Its skin can be blackish to silvery-gray but more typically is brownish. There is a cream-colored to orange stripe down its spine as well as four or five pairs of brown or black blotches on its back. It may have flecks of red or orange on its back; its belly is a cream color. This is the smallest member of the Genus Bufo in Georgia, 2 - 4 cm (.75 - 1.5 in) long.
The Oak Toad breeds from late spring through August, stimulated by heavy rains that fill ditches and temporary pools. Up to 700 eggs can be laid at once, depending on female size. Hatching and transformation to adult form takes two months. The Oak Toad is more active during the day than other toads, and is insectivorous. It prefers open woodlands with little underbrush and an abundance of grass.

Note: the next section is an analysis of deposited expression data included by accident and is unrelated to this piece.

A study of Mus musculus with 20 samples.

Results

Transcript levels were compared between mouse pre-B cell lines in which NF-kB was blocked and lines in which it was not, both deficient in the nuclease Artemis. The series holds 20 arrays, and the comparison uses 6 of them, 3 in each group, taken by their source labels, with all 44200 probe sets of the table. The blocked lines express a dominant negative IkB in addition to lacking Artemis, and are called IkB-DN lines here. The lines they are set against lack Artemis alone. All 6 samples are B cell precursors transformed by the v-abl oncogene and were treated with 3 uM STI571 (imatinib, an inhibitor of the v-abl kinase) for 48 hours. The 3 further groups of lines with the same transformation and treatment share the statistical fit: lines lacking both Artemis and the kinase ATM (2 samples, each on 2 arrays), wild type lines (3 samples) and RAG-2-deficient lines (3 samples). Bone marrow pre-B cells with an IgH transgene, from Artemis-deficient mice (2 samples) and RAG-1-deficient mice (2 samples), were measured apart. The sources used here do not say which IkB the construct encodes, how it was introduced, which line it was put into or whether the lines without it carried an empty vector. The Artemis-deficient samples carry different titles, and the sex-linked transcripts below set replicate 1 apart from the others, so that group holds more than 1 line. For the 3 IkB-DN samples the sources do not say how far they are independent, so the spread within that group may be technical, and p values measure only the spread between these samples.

The Oak Toad is found throughout the Coastal Plain in the sandy pine woods. It also occurs on some barrier islands and in maritime forests.
This toad is fairly common in the Coastal Plain, although its abundance is declining in some areas. Virginia has listed it as a species Of Special Concern. The Oak Toad's northern limit is southern Virginia, which may explain why its population is so small in that state. Georgia's populations could be threatened in the future if large areas of pine forest are cleared, or if wetlands are drained. This toad needs sandy areas where it can burrow and wetlands for breeding.
The small size of the Oak Toad and the very visible stripe down its back make it easily distinguishable from other toads in the area.